Facts and Knowledge:

A lone coyote howling at the moon has become a symbol of the American West.  But in reality coyotes are not solitary animals.  They mate for large and hunt in packs. Unlike most other large North American predators, the coyote has actually increased its range since European settlers arrived on the continent.  Relying on  its ability to adapt to new habitats and live on varied foods,  it has survived extensive hunting by fur trappers and sheep farmers.

Habitat:  The coyote ranges from icy Alaska to Costa Rica.  It can adapt to many habitats but its most at home in open grassland and thinly wooded bush.  Its its preferred terrain, it marks off its territory with urine and uses its howl and other loud calls to warn off intruders.  In other habitats coyotes live a more nomadic life.  In some areas they stay in the hills in summer and move to valley's in winter..

Breeding The coyote usually mates for life, but those that live longer than average often have more than one partner.  During the breeding season, the female is in heat (ready to mate) for about 10 days.  After mating, she looks for a secluded place to make a den.  Depending on the terrain the den may be a burrow dug by both parents, stolen from a fox or badger and enlarged, or hidden in a cave or dense thicket.

The pups are born after a two month gestation period and are nursed for up to seven weeks.  At about three weeks they begin to eat solid food that has been regurgitated by the parents. The pups are fully grown at about nine months and sexually mature at one year, although many wait until their second year to mate. Where food is plentiful, young coyotes may remain with their parents. and hunt in a pack.  but these packs seldom last long.  When the young mature, competition within the family forces them to leave.  They typically travel more that 90 miles to establish territories of their own.

Food & Hunting: The  Coyotes hunt mostly at night and can adjust their hunting technique to suit their prey are almost exclusively carnivorous, with jackrabbits, ground squirrels, and other small rodents making up more than 90 percent of their diet.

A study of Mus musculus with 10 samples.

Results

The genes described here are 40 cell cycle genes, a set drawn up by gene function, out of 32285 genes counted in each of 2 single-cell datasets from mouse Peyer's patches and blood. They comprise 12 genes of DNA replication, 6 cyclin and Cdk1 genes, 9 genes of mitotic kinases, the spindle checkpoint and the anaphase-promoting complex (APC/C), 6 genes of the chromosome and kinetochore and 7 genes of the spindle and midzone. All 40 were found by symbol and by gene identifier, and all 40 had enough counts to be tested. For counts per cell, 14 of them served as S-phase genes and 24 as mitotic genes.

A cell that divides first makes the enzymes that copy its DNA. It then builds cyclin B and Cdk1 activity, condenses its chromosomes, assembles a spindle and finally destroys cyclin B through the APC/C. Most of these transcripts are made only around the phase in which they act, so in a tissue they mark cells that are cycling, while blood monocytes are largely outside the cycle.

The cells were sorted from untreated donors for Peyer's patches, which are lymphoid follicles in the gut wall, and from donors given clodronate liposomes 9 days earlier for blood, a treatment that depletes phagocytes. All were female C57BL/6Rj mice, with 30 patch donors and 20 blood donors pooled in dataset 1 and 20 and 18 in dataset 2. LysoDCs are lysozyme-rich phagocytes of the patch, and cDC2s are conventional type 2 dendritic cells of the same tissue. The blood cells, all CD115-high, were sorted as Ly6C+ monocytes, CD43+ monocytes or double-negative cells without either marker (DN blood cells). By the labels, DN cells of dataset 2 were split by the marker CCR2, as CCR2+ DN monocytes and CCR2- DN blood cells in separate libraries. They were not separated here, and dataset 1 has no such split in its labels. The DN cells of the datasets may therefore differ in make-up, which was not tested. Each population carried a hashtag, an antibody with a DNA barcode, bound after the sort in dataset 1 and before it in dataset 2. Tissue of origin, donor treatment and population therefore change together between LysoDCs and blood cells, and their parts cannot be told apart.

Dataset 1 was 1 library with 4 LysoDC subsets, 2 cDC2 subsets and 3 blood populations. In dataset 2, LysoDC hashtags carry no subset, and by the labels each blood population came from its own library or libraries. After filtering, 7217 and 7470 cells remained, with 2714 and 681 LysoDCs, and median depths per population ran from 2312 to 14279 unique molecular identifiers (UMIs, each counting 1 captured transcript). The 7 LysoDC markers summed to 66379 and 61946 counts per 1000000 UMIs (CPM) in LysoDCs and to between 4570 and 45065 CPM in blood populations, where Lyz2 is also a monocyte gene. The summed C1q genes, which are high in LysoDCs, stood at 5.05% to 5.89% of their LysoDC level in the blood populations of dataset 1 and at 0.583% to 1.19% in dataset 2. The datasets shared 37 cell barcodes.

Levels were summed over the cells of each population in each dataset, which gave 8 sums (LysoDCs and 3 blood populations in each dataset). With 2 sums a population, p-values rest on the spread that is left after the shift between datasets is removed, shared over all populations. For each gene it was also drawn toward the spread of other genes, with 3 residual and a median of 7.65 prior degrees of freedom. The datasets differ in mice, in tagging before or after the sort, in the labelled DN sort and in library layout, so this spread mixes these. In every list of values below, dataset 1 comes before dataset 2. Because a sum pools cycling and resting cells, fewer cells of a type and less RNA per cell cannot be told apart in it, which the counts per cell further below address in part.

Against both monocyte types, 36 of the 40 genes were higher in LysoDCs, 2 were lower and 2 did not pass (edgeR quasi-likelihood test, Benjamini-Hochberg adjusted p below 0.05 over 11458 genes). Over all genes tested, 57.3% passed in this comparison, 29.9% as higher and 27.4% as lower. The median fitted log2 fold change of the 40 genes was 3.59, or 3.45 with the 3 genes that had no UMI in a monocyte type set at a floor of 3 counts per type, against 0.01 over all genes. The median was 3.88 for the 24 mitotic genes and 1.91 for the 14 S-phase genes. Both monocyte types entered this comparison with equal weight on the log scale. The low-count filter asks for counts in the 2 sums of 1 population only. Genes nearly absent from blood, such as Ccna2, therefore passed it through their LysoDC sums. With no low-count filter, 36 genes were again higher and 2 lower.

Like foxes, coyotes usually stalk their prey and then pounce on it.  Coyotes also pursue large animals such as deer and elk in small packs as deer or elk in small packs of around six.   Like wolves, they work together to track down, harass, and kill these larger prey.  But their packs are far less stable than wolf packs since they usually consis of a breeding pair and the young still in their parents territory.  Coyotes feed on already dead animals. (or carrion)  as well as live prey..  In some areas  already dead cattle and sheep make up half their diet..

Key Facts: Sizes, Weight, breeding, lifestyle, related Species
Length:  Head and body 30 top 40 inches.
Tail length: 12 to 16 in.
Height: 18 to 22 in at shoulder
Weight: 15 to 45 lbs

Breeding:
Sexual Maturity: 1 year.
Mating season: January to march
Gestation: 58 to 65 days
No of pups:  2 to 12 usually 6

Lifestyle: Habit: Sociable, nocturnal predator
Diet: Small animals, some carrion, deer and sheep.
Life span: Usually about 4 years, up to about 22 years in captivity.

Related Species: There are 8 other species in the genus Canis, including the gray wolf, C lupus, and the domestic dog, C. familiars...
Distribution: Found throughout North America, from Alaska south to Costa Rica, and as far east as New Brunswick, Canada.
Conservation:  Coyotes are protected in 12 states but are hunted elsewhere.  A a species the coyote is also at risk from interbreeding with the red wolf, gray wolf, and domestic dog.

The Coyote's Den:
Den: Site depends on terrain. May be dug by parents stolen from a fox or badger, or built in a small cave
Pups: Remain hidden in den while young.  Parents being them prey to eat.
The Coyote and wolf compare:
Coyote: Narrower nose pad and more pointed ears than gray wolf Fur mostly beige.
Gray Wolf:  Larger than coyote. Fur slightly grayer and less colorful.

Did you know:
A solitary jackal fails to make a kill 80 percent of the time.  Pairs have a failure rate of only 30 percent.
A mother jackal cares for her young alone in her den.  At the first sign of disturbance she will move her pups to a new den.
Many newborn jackals die when their dens flood.
A golden jackal can drive off predators many times its own weight.
Jackal pairs live in territories of up to one square mile.
One or two immature jackals often stay behind with their parents to assist them in rearing the next litter.